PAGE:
Meet Samuel Ryder, the man behind the Ryder Cup
Samuel Ryder and the event which bears his name, the Ryder Cup, are inextricably linked in golf history. And while he is responsible for creating one of the most exhilarating and fiercely competitive sporting events in the world, not often is Ryder spoken of. Here’s a closer look at the man behind the Ryder Cup.
Who was Samuel Ryder?
Samuel Ryder was an Englishman who was born March 24, 1858. He grew up around Manchester in England and was a successful seed merchant. In 1895, he relocated his family to St. Albans to take advantage the city’s three train stations to maximize his by-mail catalogue business to deliver seeds directly to customers. Ryder dabbled in a variety of other professions throughout his life including a stint as mayor of St. Albans and Justice of the Peace.
How did he get involved in golf?
In an effort to get Ryder to slow his frenetic work pace, a friend introduced him to golf and he immediately became infatuated with the game. Soon after, he hired and instructor and joined Verulam Golf Club where he was captain three times.
It was during his time playing golf that he began to learn of the financial hardships that professionals faced in wanting to pursue a full-time career in the game. In 1923, he hosted an event at Verulam and paid professionals to attend in order for them to earn money. In 1925, he invited Abe Mitchell, one of the top professionals in England to move to St. Albans. Ryder supported Mitchell financially with a monthly stipend and covered his expenses.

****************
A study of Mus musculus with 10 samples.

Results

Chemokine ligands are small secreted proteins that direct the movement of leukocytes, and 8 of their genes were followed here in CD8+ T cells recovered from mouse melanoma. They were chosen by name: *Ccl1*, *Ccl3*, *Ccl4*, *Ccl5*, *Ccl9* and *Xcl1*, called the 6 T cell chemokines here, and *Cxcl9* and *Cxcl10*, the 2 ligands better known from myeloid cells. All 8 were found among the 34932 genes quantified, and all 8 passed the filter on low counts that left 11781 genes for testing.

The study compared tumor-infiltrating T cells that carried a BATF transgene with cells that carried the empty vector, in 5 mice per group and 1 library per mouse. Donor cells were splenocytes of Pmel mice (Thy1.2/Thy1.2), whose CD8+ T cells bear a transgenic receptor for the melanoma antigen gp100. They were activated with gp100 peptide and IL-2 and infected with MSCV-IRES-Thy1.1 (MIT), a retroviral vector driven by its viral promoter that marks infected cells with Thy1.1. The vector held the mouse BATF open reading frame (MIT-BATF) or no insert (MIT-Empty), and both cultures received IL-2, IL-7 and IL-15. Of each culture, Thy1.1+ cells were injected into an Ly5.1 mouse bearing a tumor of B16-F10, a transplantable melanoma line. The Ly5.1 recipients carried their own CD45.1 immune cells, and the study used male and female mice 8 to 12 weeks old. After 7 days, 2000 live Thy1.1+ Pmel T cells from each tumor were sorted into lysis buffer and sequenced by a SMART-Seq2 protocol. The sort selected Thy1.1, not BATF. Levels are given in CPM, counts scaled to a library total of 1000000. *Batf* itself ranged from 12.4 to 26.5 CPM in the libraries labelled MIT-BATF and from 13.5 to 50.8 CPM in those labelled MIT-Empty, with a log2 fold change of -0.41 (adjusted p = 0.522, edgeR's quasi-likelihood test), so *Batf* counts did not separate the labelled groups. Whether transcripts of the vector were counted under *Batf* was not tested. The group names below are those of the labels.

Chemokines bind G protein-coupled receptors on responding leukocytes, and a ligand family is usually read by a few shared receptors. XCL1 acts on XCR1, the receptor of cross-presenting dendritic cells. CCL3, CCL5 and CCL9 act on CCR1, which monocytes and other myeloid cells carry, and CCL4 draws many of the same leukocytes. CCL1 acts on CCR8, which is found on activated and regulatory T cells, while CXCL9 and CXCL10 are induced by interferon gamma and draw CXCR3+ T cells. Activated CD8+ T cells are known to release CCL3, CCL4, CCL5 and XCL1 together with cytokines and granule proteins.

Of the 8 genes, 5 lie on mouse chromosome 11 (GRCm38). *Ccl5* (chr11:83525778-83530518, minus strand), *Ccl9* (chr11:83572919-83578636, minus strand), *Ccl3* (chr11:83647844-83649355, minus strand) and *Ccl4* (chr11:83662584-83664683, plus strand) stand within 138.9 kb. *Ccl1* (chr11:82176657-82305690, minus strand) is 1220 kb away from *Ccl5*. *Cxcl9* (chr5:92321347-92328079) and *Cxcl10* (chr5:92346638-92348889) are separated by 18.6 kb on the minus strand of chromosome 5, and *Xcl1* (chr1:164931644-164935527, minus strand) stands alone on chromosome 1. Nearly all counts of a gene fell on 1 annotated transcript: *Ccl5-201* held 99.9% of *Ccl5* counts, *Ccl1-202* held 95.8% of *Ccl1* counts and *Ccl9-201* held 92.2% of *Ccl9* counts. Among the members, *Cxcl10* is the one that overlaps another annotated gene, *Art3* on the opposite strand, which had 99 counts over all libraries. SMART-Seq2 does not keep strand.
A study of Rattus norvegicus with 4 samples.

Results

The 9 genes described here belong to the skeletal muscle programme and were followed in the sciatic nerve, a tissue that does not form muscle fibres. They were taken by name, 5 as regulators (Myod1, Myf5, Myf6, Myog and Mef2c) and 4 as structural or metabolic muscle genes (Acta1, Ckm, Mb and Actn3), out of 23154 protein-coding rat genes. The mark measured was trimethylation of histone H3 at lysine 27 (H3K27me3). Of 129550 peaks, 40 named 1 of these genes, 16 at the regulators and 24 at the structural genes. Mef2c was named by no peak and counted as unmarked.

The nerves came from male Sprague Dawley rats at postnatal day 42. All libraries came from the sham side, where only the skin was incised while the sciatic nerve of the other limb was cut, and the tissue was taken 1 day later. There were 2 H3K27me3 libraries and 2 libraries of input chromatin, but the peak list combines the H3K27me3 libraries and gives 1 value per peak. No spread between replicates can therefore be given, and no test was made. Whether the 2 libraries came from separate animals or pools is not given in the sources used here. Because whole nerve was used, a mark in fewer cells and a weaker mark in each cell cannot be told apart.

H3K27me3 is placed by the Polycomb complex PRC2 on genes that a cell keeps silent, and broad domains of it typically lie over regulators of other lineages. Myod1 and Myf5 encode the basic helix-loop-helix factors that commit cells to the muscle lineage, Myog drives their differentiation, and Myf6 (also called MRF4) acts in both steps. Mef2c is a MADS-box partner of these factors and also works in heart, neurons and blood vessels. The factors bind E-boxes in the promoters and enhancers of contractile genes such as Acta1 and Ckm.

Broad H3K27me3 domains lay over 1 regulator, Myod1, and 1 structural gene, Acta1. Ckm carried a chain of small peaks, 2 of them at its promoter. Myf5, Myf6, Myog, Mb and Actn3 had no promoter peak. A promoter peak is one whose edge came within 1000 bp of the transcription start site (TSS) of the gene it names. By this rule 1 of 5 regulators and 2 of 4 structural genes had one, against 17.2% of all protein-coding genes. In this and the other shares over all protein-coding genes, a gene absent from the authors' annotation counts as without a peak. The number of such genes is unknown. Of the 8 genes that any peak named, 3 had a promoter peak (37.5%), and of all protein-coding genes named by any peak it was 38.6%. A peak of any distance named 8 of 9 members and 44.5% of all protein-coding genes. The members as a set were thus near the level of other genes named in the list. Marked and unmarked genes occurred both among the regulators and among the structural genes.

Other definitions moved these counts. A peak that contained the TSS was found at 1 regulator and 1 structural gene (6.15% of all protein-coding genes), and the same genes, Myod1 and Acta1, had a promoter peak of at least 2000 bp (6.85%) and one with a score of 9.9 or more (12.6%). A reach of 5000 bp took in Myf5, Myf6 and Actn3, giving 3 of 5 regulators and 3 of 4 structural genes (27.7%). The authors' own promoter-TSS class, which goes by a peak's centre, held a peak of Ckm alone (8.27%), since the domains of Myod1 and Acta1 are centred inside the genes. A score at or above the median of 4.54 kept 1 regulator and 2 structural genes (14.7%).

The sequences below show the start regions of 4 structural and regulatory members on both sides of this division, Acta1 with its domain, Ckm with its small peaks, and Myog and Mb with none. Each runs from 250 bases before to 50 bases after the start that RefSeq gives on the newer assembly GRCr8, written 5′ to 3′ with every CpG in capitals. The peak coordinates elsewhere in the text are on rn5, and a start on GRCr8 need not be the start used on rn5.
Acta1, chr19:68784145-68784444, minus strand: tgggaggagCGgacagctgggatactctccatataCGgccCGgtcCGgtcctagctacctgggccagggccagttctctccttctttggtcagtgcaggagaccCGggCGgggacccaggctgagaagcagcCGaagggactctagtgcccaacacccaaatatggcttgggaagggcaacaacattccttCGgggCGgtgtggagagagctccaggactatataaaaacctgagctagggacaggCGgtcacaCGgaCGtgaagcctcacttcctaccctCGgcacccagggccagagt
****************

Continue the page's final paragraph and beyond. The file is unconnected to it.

How did the Ryder Cup come about?
Matches throughout the 1920s pitted the best American golfers against the best of the United Kingdom. In 1927, Ryder commissioned the creation of theRyder Cup trophy. June 3 – 4, 1927 the first Ryder Cup match was played at Worcester Country Club in Massachusetts. The trophy was commissioned for 250 pounds. It is approximately 17 inches tall and weighs four pounds. Mitchell was a participant in the early matches and is forever memorialized as the figure atop the Ryder Cup trophy.
Ryder played an active role in the matches between 1931 – 1935 as both an organizer and financial backer. Ryder died January 2, 1936 in London.